ALBERTA

Alberta Currently Has No Clear Plan For Handling Syrian Refugees: Ministers

11/10/2015 04:53 EST | Updated 11/10/2015 06:59 EST
John Moore via Getty Images
SIMALKA, SYRIA - NOVEMBER 08: Former refugees prepare to step onto Syrian soil after crossing the Tigris River from Iraq while returning to their homeland of Rojava, Syria on November 8, 2015 at Simalka, Syria. The predominantly Kurdish region of Rojava in northeast Syria has become a bulwark against the Islamic State, and many civilians who fled the violence are returning home. Their armed forces, with the aid of U.S. airstrikes and weapons, have been battling ISIL, pushing them south towards the extremists' stronghold of Raqqa, Syria. (Photo by John Moore/Getty Images)

CALGARY — Two Alberta ministers say they don't know what the province's plans are to handle Syrian refugees.

Prime Minister Justin Trudeau has said the federal government will bring in 25,000 refugees by the end of the year despite observations from many resettlement organizations that the short timeline will put massive pressures on local resources.

Premier Rachel Notley said two weeks ago Alberta will join with other provinces — including Ontario, Quebec and Nova Scotia — who have committed to opening their doors.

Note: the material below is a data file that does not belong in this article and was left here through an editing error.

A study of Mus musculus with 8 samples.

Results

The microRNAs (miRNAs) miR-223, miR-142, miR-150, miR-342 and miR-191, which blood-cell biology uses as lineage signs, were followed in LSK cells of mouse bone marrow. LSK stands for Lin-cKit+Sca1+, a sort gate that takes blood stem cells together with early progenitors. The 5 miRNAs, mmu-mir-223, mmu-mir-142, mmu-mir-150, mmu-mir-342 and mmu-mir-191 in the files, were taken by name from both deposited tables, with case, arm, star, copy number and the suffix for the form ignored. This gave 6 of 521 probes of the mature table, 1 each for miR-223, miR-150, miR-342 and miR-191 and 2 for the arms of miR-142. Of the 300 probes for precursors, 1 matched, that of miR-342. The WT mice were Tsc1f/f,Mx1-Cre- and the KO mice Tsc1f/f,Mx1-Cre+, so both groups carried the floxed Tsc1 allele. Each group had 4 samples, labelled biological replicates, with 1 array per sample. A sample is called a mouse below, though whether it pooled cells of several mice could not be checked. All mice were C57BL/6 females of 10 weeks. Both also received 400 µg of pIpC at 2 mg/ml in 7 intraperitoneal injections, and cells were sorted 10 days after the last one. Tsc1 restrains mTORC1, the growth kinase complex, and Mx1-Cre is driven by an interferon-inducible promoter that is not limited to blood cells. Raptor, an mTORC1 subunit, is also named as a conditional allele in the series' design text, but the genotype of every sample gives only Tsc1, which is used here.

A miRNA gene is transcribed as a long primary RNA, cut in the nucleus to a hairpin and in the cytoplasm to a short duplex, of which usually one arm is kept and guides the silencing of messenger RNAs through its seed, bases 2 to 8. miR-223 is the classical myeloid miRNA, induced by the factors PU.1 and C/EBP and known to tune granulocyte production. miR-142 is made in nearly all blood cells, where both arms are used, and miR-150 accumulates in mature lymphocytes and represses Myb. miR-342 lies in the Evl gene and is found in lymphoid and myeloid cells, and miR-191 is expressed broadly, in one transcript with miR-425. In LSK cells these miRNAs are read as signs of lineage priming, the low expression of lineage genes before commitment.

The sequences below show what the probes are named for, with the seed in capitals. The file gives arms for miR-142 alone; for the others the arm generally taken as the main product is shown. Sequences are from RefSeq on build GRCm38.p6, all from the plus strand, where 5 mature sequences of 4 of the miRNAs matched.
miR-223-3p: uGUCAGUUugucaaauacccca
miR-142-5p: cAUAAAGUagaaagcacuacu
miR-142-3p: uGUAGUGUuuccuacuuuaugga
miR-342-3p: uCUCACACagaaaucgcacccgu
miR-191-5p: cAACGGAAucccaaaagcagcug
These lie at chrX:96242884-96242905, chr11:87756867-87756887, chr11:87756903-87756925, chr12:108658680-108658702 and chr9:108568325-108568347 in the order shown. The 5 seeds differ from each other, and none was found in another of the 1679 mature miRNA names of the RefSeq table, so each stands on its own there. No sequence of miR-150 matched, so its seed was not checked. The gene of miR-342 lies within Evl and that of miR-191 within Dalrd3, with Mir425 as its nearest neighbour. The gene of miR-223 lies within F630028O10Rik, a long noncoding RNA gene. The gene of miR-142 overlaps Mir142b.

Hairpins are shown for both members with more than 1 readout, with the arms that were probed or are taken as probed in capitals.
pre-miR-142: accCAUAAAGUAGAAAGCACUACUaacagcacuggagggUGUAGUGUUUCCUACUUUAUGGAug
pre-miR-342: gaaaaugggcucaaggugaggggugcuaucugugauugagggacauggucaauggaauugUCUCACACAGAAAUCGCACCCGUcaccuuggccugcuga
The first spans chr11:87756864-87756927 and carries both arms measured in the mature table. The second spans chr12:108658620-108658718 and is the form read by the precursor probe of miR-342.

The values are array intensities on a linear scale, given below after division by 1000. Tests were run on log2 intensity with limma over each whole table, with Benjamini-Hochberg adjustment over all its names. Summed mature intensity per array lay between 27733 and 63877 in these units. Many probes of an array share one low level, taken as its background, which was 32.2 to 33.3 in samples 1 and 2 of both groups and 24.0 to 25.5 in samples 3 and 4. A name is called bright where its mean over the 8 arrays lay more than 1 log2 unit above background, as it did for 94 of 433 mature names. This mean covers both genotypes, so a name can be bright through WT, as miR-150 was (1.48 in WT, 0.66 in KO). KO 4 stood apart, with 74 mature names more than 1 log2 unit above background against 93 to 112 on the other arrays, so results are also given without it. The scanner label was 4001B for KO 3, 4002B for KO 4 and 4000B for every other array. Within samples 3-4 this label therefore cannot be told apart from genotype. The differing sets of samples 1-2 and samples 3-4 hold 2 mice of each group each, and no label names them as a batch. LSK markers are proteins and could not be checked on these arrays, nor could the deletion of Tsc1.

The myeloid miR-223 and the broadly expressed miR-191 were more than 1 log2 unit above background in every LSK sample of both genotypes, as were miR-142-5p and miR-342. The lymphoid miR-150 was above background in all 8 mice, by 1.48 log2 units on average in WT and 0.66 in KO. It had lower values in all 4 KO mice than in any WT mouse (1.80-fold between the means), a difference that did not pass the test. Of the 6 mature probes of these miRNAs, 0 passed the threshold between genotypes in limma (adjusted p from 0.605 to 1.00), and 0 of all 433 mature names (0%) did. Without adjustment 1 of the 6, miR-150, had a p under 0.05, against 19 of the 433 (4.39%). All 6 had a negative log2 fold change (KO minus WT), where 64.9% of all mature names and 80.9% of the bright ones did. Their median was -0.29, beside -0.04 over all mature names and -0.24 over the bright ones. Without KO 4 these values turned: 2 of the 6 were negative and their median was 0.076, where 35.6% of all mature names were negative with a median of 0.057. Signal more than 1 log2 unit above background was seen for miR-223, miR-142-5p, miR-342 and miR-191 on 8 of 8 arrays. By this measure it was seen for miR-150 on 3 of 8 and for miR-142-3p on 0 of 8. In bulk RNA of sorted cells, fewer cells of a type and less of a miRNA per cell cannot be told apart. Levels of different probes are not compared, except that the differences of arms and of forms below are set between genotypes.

But Alberta's Human Services minister suggests there is nothing in the works at this time.

"I think our government hasn't reached any decision with the number to which we are committing,'' Irfan Sabir told reporters at a Calgary news conference Tuesday.

Sabir said it's a federal matter and Alberta is waiting to see details of the federal plan.

"Certainly some of those will end up in Alberta and we will brace for the impact and we will make sure they have needed supports available to start their life again,'' he said.

"When they are taken into Canada they will have mobility — they can go wherever they feel like and Alberta is one of the best provinces to start over.''

Notley has said discussions are underway in her government, but it would be premature to give a figure on how many refugees Alberta could take.

She says she still needs to talk to the appropriate provincial cabinet ministers whose budgets would be affected.

Alberta has already pledged up to $250,000 to support Syrian refugee relief efforts.

Finance Minister Joe Ceci was also unable to shed any light on the government's plans.

"Different immigrant serving agencies are already starting to meet with organizations throughout Calgary to get them prepared so I think there's action on the ground,'' he said.

"Those discussions are probably happening but we're not directly involved in them.''

The federal cabinet is expected to discuss the Syrian refugee issue at its meeting this week.